Although the rate of health care cost increases is expected to remain stable in 2012, employers are taking more aggressive steps to manage their rising costs and improve employee health, according to findings from the 2012 Towers Watson/National Business Group on Health Employer Survey on Purchasing Value in Health Care. The survey was completed by 512 employers who work at companies with at least 1,000 employees and collectively employ 9.1 million full-time employees, and represent more than $87 billion in annual health care spending.

The survey found that total health care costs per employee are expected to rise 5.9% to $11,664 in 2012, compared to 5.4% ($10,982) in 2011. Employees’ share of costs increased 9.3% during this period to $2,764. This amount represents a 40% increase in costs from just five years ago, compared to a 34% increase for employers over the same time period. Retirees not yet eligible for Medicare can expect to pay an average of $4,226 per year for single only coverage and $10,500 for family coverage.

Many employers plan to make substantial changes to their health care benefits offerings because of these rising costs. Four in 10 employers say that developing a workforce culture where employees are accountable for their own health is a top health care strategy focus in 2013. One in four employers say the same about reviewing their overall mix of benefits. Many employers are also keeping their eye on staying up to date and complying with the Patient Protection and Affordable Care Act (34%).

“As employers try to maintain the balance between containing costs and offering competitive total rewards packages, they are realizing that their future health care benefits choices are not quite as simple as ‘paying or playing,’” says Ron Fontanetta, senior health care consulting leader at Towers Watson. “In fact, there is a wide spectrum of design choices that will allow employers to develop a health care strategy that matches their unique objectives and workforce demographics.”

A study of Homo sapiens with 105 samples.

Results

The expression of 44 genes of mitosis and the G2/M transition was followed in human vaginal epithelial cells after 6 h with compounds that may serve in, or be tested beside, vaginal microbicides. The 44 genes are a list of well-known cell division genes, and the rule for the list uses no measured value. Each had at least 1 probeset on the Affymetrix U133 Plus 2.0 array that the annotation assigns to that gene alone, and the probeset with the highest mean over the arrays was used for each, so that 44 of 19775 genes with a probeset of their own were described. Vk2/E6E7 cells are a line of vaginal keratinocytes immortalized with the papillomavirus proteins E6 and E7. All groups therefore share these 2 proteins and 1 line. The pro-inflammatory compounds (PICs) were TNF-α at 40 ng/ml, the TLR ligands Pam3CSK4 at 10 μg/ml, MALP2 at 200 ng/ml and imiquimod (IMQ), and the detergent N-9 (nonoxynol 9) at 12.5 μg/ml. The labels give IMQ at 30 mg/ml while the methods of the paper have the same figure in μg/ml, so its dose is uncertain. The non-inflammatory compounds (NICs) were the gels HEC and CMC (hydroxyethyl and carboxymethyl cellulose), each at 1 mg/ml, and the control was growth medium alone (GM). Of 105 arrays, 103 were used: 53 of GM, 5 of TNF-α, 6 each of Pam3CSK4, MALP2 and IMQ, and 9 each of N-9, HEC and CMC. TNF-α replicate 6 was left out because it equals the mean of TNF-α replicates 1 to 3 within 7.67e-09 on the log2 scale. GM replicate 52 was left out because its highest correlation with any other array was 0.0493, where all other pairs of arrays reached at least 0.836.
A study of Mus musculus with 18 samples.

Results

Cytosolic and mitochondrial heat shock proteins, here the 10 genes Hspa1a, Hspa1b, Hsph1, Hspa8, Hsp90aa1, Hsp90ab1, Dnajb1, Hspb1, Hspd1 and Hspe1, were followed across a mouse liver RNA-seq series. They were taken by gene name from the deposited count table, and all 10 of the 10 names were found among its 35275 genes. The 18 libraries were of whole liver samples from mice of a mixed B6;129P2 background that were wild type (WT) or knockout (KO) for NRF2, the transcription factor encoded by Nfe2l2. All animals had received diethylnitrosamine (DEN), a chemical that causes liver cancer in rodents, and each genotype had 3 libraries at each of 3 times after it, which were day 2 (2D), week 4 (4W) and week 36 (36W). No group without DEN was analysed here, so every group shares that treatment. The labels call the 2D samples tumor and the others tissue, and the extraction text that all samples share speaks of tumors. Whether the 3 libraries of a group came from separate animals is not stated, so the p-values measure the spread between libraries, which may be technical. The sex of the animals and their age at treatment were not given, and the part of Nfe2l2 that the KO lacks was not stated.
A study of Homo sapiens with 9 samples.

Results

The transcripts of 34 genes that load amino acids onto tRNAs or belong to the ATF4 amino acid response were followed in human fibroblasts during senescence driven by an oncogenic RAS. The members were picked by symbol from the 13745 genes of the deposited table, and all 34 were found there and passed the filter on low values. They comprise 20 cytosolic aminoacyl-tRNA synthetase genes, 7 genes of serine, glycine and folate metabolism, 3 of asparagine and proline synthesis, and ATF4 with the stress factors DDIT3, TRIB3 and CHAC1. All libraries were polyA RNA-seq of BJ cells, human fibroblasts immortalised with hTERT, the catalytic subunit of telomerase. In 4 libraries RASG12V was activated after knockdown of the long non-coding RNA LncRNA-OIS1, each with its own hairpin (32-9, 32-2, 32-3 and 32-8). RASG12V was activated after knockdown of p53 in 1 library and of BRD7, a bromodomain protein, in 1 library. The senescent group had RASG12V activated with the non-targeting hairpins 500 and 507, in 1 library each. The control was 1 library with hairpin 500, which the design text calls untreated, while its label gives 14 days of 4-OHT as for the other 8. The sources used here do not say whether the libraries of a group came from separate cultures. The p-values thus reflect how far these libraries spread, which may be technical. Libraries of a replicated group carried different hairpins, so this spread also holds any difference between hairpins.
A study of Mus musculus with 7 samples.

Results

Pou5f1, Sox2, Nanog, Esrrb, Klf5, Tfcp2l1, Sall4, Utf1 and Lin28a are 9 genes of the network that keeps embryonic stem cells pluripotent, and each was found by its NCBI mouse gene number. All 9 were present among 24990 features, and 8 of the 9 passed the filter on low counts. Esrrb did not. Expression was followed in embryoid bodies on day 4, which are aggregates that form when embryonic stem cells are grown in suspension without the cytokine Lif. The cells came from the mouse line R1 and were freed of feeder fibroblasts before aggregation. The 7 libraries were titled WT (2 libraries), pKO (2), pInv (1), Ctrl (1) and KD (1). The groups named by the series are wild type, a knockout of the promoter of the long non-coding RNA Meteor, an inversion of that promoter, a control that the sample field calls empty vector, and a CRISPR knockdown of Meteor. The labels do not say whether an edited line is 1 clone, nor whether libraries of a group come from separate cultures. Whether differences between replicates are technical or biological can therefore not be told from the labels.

The options, which range from continuing to discontinuing health plan sponsorship, include offering an employer-sponsored plan to only a portion of the population and providing employees with a defined contribution for use in health insurance exchanges. According to the survey, only 3% of employers are very to somewhat likely that they will discontinue health care plans for active employees in 2014 or 2015 without providing a financial subsidy. By the same measure, 45% of employers are very to somewhat likely that they will offer coverage to only a portion of their workforce and direct the others to exchanges.

While most employers will remain focused on sponsoring the design and delivery of their health care programs through 2015 (77%), they are much less confident that health care benefits will be offered at their organization over the longer term. Less than one in four (23%) companies are very confident that they will continue to offer health care benefits 10 years from now, down from a peak of 73% in 2007.

Companies today are continuing to expand their use of financial rewards to engage employees and their spouses to better manage their health. In fact, more than two-thirds of respondents offer incentives today. Respondents also indicated that they have become more willing to add penalties to their arsenal (used by 20% today), and some (10%) have even adopted achievement standards, which will likely continue to grow in use as companies increasingly hold employees accountable for unhealthy life choices, losing weight and lowering blood pressure.

"We haven’t had an era of such uncertainty in many years. What we do know is that employers still have to get up every day and do what they can to improve health care costs," NBGH President Helen Darling said today at a National Business Group on Health conference in Washington, D.C. where the group publicly released the survey results "The health and productivity of the workforce is key and having employer subsidies for both health insurance and health care is important. This is not a passive strategy; it’s a very active strategy."